Comment: Why SFA inaction on Covid is a dereliction of duty

Teamwork. ‘A collaborative group effort to achieve a common goal’. Responsibility. ‘A duty to deal with something or having control’. Both are important in football and in other walks of life too, of course.

Highland League Brora Rangers face a 400-mile round trip to play Camelon from the East of Scotland League tonight after the initial Scottish Cup tie on Boxing Day was abandoned. The SFA is allowing semi-pro football to continue despite the new lockdown.
Highland League Brora Rangers face a 400-mile round trip to play Camelon from the East of Scotland League tonight after the initial Scottish Cup tie on Boxing Day was abandoned. The SFA is allowing semi-pro football to continue despite the new lockdown.

The Scottish Government needs teamwork and responsibility from society at large to combat the coronavirus pandemic as it enters its most dangerous phase. That means pulling together, making sacrifices, showing leadership and determination in the face of adversity. Scottish football culture in a nutshell, you could say. Sadly, the sport’s governing body is letting the side down with its blinkered handling of this national crisis.

Sure, it will argue that there was no new instruction to stop football in the latest lockdown announced this week. Professional sport is allowed to continue, it will correctly point out. But the reality is that it has shirked its responsibility to society by failing to take decisive action.


Phil Johnson

Players, coaches and officials from Brora Rangers, none of whom makes a living out of football, are today being asked to take a 400-mile round trip to play Camelon in a Scottish Cup tie. Their children, however, won’t be going to school.

The NHS could do without sports injury admissions at the moment, but around 100 so-called ‘professional’ football matches scheduled for this weekend mean some are likely. Add players, coaches, club officials and match officials at an average of, say, 50 people a match, and you’ll have 5,000 people from the same number of households mixing at football grounds this weekend. With a highly infectious new strain of the virus spreading fast, Nicola Sturgeon is asking people to avoid contact with others. The SFA is not listening.

The issue at play is its liberal interpretation of the word ‘professional’. It stems from Ms Sturgeon’s announcement of restrictions on October 7. She allowed exemptions for those “involved in professional sports, for training, coaching or competing in an event”.

Given an inch, the SFA trook a mile. It gave the green light to 240 clubs to start playing matches along with the 12 Premiership teams who had been allowed to start their season in August.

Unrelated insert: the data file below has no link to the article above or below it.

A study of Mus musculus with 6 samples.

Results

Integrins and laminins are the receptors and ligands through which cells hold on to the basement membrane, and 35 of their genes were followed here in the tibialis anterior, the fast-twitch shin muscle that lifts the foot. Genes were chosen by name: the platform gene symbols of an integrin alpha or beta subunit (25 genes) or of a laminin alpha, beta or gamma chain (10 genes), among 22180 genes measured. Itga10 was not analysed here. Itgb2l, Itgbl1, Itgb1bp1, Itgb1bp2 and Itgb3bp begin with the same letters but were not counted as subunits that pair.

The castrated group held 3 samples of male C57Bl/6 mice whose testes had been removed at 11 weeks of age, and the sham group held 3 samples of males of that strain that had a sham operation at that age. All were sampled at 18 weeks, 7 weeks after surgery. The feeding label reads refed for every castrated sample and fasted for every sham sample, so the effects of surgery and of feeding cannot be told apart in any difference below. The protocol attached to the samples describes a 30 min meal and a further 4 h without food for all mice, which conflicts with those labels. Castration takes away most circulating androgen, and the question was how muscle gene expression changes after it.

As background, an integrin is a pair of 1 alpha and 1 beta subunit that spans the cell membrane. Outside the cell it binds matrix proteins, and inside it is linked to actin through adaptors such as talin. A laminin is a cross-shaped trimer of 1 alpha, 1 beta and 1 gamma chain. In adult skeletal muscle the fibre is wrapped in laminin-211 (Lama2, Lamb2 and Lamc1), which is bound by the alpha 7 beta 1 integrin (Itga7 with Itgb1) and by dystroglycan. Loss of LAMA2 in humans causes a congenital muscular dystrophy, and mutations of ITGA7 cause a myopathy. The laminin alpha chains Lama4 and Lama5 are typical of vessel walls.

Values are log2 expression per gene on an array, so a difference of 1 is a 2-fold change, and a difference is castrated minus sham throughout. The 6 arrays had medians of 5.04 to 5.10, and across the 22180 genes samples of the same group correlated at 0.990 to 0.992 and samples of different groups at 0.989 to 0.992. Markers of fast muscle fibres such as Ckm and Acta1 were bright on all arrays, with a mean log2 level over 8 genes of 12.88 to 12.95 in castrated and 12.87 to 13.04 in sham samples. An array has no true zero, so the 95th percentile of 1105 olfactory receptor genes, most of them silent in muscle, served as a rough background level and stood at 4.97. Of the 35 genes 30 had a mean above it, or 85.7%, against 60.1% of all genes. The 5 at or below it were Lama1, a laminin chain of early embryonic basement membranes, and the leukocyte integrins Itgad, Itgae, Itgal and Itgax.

That guidance and the SFA interpretation of it has not changed this week, but the virus has.

Ms Sturgeon talked on Monday about an “extremely serious” situation due to the new, faster-spreading variant of coronavirus. The First Minister said she was “more concerned about the situation we face now than I have been at any time since March last year” and warned that hospitals could be overwhelmed in three weeks. But when the opportunity presented itself for the SFA to take responsibility and do what it could to help, it did nothing.

Sure, Camelon’s players sign the same ‘professional’ forms as Celtic’s players. It doesn’t mean the SFA should treat them all the same. It could have been responsible and pragmatic by temporarily putting a stop to football outside of the top two leagues, but it is instead allowing 5,000 people to mix again this weekend just because they all happen to sign the same registration forms.

Outside of the Premiership, Championship, Falkirk and Partick Thistle, all the players are semi-pro or amateurs who may be serious about their football but collect pocket-money wages and have jobs like the rest of us. They generally train twice a week but don’t do it for a living.

Some will be mixing with work colleagues as well as teammates and opponents. This doesn’t chime with Ms Sturgeon’s heartfelt appeal for people to leave home only if it is “essential”.

Sport’s benefit to physical and mental wellbeing can no longer be used to justify semi-pro football continuing at this critical juncture in the coronavirus crisis. Limiting the number of matches taking place should be the priority. An argument that football lifts the national mood could perhaps be made for the Premiership and Championship. But Thornton Hibs v Nisthdale Wanderers anyone?

A handful of West of Scotland League clubs did opt out of the season in October, but the vast majority of clubs outside the SPFL’s top two leagues are playing on. They still have to cover the cost of travel, referees, player expenses, ground maintenance and more with no matchday revenue coming in, relying instead on Covid bailout grants. Many of these clubs are run by volunteers in their 60s and 70s who must now be wondering if all their efforts are really worth it. Can semi-pro football really be justified when everyone else is being told to stay at home?

It is not up to the clubs. It is the SFA’s responsibility to do the right thing. It can show leadership and a duty of care to the those involved in the game and the nation at large by pressing pause for all but elite football. Or it can continue to do nothing.

As the going gets tough for the country, the SFA has been found wanting.